Since March of last year, global share markets have had their most volatile period in 270 years. The recent Delta outbreak in New Zealand has seen the Reserve Bank of New Zealand pause on their expected interest rates increases. Confirmation that we have contained Delta will likely see interest rates increase towards the end of the year.
Prior to the outbreak, markets were starting to price in an increase in inflation in New Zealand. Globally the inflation trend is well established and will likely spike as we head towards Christmas. Typically, an increase in inflation results in higher interest rates from Central Banks.
There has been a slight change in the way in which the Federal Reserve of the United States views inflation. In short, they are likely to run their economy “Hot”, which means with sustained above average inflation. The reason for this is they need a new way to remove the quantitative easing from their economy. Post the GFC, rates were raised too soon and the reliance on money printing remained. The last time the US economy sustained inflation at levels expected was during the 1980’s.
House price inflation in New Zealand is at its highest in 20 years and is at an unsustainable level. This has in turn forced the Government & Reserve Bank to clamp down on investors and signal higher interest rates towards the end this year. Earlier this year the Government highlighted changes for property investors which will encourage funds towards the share market.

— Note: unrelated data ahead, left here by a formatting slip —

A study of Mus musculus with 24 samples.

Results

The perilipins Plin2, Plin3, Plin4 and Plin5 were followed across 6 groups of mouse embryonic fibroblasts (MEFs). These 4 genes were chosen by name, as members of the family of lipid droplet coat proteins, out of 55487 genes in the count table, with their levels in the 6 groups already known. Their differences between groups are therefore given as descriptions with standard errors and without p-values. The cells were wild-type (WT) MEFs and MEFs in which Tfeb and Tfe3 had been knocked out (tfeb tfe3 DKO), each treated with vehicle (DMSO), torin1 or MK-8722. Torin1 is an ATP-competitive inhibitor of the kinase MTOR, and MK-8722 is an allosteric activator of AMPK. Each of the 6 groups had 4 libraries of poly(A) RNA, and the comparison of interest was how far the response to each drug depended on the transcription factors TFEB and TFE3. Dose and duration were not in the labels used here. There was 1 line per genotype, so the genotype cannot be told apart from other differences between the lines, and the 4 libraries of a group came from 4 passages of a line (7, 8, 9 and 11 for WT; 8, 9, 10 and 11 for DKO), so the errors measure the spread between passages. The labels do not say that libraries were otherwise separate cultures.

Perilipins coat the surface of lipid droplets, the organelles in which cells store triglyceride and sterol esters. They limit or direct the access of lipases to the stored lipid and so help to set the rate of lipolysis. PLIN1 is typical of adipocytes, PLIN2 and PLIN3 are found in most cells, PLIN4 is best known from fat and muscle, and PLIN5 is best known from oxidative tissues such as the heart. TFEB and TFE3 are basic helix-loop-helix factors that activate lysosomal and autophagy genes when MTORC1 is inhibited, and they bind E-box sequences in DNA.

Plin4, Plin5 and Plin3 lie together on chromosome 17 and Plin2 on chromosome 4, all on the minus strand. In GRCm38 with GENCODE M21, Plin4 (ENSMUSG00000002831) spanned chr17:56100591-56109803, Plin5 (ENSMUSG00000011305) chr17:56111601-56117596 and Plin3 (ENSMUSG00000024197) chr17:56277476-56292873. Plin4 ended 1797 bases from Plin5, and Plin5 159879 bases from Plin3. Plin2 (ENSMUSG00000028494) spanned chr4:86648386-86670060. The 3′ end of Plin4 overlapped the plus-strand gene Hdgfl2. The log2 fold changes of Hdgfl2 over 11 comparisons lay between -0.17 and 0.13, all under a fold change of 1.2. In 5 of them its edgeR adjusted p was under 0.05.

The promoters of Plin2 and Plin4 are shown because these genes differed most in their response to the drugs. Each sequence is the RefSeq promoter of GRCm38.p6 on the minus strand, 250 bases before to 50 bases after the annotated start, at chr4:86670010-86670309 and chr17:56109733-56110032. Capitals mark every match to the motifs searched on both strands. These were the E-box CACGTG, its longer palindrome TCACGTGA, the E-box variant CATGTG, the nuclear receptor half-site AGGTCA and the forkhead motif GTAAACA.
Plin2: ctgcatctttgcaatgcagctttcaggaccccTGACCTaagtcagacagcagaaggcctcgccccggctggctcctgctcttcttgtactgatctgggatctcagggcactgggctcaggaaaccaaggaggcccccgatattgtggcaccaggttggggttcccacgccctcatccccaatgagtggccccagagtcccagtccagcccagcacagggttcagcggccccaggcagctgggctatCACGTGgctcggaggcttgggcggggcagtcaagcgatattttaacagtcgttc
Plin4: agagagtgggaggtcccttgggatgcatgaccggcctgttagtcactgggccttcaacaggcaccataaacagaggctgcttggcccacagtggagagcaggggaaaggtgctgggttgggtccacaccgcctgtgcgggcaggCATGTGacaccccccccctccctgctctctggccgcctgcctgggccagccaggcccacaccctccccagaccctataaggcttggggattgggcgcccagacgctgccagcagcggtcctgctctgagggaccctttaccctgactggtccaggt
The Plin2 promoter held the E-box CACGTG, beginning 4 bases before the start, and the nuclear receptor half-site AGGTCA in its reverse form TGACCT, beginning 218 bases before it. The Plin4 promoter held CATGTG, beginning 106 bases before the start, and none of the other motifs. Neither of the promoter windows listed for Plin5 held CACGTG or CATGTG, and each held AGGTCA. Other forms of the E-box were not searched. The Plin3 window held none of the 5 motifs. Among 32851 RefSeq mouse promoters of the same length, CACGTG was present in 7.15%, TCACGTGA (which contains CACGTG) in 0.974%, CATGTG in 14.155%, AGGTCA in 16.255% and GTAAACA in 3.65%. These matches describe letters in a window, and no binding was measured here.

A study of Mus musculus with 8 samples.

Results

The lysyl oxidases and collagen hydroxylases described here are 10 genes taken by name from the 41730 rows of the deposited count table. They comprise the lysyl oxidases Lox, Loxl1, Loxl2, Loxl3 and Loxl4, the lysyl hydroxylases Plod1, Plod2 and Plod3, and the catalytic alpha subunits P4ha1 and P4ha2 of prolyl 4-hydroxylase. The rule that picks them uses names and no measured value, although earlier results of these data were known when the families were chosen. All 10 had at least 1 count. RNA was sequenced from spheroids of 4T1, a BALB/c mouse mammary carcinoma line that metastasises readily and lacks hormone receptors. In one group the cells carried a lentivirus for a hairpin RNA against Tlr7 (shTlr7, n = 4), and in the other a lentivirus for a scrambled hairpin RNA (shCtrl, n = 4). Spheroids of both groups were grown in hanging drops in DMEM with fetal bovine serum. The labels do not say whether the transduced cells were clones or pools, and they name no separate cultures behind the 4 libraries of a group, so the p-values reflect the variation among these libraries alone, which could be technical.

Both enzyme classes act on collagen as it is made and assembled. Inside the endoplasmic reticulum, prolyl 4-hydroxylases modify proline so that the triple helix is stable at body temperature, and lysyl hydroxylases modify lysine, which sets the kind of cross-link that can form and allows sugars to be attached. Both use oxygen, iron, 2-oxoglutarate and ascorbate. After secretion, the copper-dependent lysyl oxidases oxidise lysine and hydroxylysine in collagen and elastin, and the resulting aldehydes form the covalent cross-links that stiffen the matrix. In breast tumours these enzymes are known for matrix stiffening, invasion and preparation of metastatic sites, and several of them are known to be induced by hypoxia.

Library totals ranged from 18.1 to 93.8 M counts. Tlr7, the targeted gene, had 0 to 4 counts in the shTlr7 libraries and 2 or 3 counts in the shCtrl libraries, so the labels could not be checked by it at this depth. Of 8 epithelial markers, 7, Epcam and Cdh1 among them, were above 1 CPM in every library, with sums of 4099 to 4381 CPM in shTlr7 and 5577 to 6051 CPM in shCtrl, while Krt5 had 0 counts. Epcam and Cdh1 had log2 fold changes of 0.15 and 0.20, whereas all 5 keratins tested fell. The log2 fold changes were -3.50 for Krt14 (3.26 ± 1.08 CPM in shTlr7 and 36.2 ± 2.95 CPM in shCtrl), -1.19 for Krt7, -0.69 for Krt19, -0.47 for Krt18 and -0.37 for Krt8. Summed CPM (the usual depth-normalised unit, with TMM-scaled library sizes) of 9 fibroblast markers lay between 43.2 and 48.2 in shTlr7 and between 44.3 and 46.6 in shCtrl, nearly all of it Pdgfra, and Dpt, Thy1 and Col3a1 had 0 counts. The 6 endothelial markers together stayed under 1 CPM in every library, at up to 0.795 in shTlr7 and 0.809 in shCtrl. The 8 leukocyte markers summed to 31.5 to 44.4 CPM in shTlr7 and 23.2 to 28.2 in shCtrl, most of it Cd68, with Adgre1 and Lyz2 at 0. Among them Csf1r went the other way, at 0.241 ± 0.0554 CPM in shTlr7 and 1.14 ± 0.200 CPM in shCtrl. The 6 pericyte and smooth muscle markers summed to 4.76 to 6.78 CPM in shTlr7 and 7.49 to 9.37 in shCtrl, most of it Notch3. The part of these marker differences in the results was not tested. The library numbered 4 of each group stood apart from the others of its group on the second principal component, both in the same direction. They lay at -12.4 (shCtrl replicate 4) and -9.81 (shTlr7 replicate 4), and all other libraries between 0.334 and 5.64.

The new delta, delta + and lambda variants of Covid19 are also causing concern for investors as is changing rhetoric and actions by an increasingly confrontational China. These developments are being closely watched.
The recent reporting season was robust, showing the strength of the New Zealand economy. Although, as we have seen, these things can change quickly with another outbreak.
The Governments books are in reasonable order and the Reserve Bank still has plenty of fire power to fund another nationwide level four lockdown for a short period, but not indefinitely.
Next year the Government will have to make a call as to what is the optimal coverage for vaccination. Some are suggesting around the 75-80% level is all we can hope for. From there, the virus will be able to roam the country as will the rest of us.
Globally, China economy is spluttering back to life. However, logistical issues and Government crackdowns on certain sectors are hampering growth.
The United States and Europe are opening up as virus numbers surge. Both of these economies are likely to live with higher than typical inflation for some time. We are of the view that the Reserve Bank of New Zealand will not tolerate this high level of inflation and will have materially higher interest rates in the face of such action. Higher relative interest rates increases the demand for the NZD, increasing the exchange rate, helping importers and hurting exporters.
Overall, interest rate increases in New Zealand will need to be balanced against a growing economy and fears of sparking a housing market correction. Stocks that have low growth and low relative yields will be repriced to offset higher rates.